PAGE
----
Whitman at 200: Penn programming looks at the Good Gray Poet, his legacy across the river

The Whitman at 200 Symposium pop-up exhibition includes photographs of Walt Whitman. (Natalie Piserchio for WHYY)

The Whitman at 200 Symposium pop-up exhibition includes photographs of Walt Whitman. (Natalie Piserchio for WHYY)

On the 127th anniversary of Walt Whitman’s burial across the river in Camden, literature academics gathered at the University of Pennsylvania to discuss some finer points of “The Good Gray Poet” and his work.

The symposium, “Whitman at 200: Looking Back, Looking Forward,” was part of a larger, yearlong art and civic-engagement program in collaboration with Penn Libraries called “Whitman at 200: Art and Democracy.” The programming — which ramps up with Whitman’s 200th birthday on May 31 — takes place in both Philadelphia and Camden.

For Judith Tannenbaum, artistic curator of “Whitman at 200,” it was important for the project to be spread across the two cities. It’s partially a nod to Whitman’s famous line, “I contain multitudes.” But it also acknowledges that while Whitman spent much of his life in Philadelphia, after having a stroke he moved to Camden to be closer to his brother, and spent the last 20 years of his life there.

“I was very struck by the relationship of Philadelphia and Camden, how close they are to each other, but how there seems to be this separation,” Tannenbaum said. “I became very interested in that and … bringing the cities closer by the separation of the river.”

Over the next two months, “Whitman at 200” programming will span an array of art worlds, from poetry readings to public art installations. A few of the public art projects will be focused on the Delaware River, including a Cherry Street Pier performance by the Bearded Ladies Cabaret about Whitman as a gay hero, and an installation on the ferry that runs between the two cities.

Along with Saturday’s symposium, a pop-up exhibit teased to a larger exhibit coming to Penn in May — “Whitman Vignettes: Camden and Philadelphia,” which will look at “the poet of democracy” and material from Penn’s Kislak Center for Special Collections, Rare Books and Manuscripts.

The Kislak Center has a number of documents from the last 20 years of Whitman’s life, such as letters showing the poet’s hand at work and different variations on his 1855 “Leaves of Grass” collection, which he revised multiple times before his death.

Saturday’s pop-up exhibit also included material related to the controversial naming of the Walt Whitman Bridge in the late 1950s. At the time, the Diocese of Camden was unhappy with the naming, questioning Whitman’s morality and whether he was worthy of being so honored. It sent mimeographed letters to the Delaware River Port Authority posing questions such as, “In what way has he inspired or influenced American democracy for good?”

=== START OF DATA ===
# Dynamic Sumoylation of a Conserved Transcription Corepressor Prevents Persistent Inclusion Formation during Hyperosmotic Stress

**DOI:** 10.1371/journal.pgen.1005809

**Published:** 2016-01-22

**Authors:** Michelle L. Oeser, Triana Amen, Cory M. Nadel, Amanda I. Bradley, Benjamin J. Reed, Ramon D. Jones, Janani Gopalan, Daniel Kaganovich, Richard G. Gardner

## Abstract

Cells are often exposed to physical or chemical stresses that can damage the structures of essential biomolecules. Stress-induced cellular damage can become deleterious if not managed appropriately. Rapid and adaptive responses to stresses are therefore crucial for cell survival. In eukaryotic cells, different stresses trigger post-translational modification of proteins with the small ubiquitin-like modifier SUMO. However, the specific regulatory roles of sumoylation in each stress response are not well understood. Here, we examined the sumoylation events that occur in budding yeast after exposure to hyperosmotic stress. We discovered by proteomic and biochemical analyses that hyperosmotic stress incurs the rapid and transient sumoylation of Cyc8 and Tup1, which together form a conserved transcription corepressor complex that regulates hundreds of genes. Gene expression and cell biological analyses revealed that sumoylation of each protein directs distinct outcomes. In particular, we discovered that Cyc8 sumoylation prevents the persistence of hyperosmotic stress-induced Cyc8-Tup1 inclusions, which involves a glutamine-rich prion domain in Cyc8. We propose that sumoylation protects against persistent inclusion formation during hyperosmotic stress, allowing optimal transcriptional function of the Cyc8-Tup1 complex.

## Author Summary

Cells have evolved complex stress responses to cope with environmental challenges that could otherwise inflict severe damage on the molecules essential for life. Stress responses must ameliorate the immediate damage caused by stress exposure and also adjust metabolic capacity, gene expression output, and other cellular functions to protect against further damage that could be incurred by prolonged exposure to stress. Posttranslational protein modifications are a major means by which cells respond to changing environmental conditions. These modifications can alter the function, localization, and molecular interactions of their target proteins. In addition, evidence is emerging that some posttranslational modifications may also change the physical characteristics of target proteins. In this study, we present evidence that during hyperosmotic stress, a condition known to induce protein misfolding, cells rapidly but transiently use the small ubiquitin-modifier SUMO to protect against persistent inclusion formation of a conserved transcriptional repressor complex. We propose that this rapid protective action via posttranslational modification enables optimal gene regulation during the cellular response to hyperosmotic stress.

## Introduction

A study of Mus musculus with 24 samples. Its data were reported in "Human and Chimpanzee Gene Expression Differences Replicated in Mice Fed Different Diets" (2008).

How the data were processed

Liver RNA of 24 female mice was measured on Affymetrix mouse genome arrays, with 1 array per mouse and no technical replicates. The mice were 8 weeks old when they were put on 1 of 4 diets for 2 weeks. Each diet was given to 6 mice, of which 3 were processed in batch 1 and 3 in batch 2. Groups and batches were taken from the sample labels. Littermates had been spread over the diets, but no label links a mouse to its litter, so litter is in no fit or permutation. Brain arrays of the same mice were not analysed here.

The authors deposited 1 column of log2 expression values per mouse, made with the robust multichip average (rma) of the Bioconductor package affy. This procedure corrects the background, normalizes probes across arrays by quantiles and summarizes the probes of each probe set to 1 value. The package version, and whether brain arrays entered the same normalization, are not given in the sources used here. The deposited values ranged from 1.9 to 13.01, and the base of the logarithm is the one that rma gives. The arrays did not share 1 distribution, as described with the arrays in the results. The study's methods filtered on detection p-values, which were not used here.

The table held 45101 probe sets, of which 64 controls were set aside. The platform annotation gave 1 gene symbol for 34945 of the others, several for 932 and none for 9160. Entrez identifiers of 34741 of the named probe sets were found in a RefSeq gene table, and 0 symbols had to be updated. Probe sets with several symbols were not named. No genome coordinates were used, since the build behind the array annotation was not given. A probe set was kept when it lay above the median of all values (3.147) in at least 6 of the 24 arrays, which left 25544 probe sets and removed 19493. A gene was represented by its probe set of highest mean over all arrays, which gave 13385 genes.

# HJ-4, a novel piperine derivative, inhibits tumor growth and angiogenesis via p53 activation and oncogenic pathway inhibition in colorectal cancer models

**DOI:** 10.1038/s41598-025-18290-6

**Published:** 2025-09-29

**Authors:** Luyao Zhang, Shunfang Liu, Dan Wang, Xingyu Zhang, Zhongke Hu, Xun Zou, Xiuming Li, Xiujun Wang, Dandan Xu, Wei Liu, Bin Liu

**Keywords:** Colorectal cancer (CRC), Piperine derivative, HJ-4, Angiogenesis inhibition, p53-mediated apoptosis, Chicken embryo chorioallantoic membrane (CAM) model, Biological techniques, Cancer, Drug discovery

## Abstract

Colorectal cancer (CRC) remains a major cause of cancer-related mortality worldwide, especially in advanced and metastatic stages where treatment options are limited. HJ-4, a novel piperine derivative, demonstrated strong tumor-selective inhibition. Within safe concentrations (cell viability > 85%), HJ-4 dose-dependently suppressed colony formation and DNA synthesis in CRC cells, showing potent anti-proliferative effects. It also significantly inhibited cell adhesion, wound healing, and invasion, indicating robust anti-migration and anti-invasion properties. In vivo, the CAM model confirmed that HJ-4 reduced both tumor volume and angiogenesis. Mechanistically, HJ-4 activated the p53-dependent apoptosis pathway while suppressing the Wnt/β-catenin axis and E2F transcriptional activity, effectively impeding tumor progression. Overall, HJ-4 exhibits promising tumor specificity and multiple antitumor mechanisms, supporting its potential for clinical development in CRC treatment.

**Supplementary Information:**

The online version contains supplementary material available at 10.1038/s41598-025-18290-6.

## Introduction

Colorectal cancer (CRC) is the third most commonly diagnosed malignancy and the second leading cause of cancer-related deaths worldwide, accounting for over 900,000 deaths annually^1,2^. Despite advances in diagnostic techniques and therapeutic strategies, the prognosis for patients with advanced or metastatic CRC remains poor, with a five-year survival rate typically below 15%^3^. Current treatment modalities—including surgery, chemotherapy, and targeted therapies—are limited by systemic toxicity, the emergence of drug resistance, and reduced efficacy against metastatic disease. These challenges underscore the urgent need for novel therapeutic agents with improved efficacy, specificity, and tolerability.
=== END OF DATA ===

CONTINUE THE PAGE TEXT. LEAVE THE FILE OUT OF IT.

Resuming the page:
“I think a lot of people didn’t know much about him, but they were goaded on by the church in some way,” said Lynne Farrington, the center’s senior curator and “Whitman at 200’s” project director.

A part of celebrating Whitman this year is about not only looking at him in the past, but also looking at his importance to the present and his role in the future, Farrington said.

Adam Sax, Virginia Jackson, and Lynne Farrington look through an early edition of Leaves of Grass at the Walt at 200 pop-up exhibition at Class of 1978 Orrery Pavilion, Van Pelt-Dietrich Library. (Natalie Piserchio for WHYY)

“We want to think about the role of the political situations at the time of Whitman’s life,” she said. “Not only before the Civil War, but after the Civil War.”

Tannenbaum added that the title “Art and Democracy” is a look at why Whitman’s work is still relevant today, more than 150 years after he wrote pre- and post-Civil War.

She said Whitman’s writing can spawn conversations on just about anything. The fact that, in some lines of his work, he’s very self-aware but also raises contradictions which can raise a point in today’s polarizing political world.

“I think Whitman is one of the writers who has a way of touching on everything, from the small details of everyday life to the big questions,” Tannenbaum said. “At this point in our political lives, it would be wonderful to just be able to have people talk to each other without having that terrible divide and polarization, and I think if we can generate conversations that allow people on different sides of issues to talk to each other that that would be success right there.”

“In no way do we want to blindly just celebrate Whitman, we really want to get under the skin and think about contradictions as well as assurances,” she added. “Hopefully, he would like that.”

The Whitman at 200 pop-up exhibition includes early drawings and photographs of Walt Whitman. (Natalie Piserchio for WHYY)

Penn has a number of Whitman programs coming up, including a public art project that will culminate in a mobile printing studio that will travel around the Philadelphia region engaging people in 19th-century printmaking and the letterpress.

You can find a list of “Whitman at 200” events here.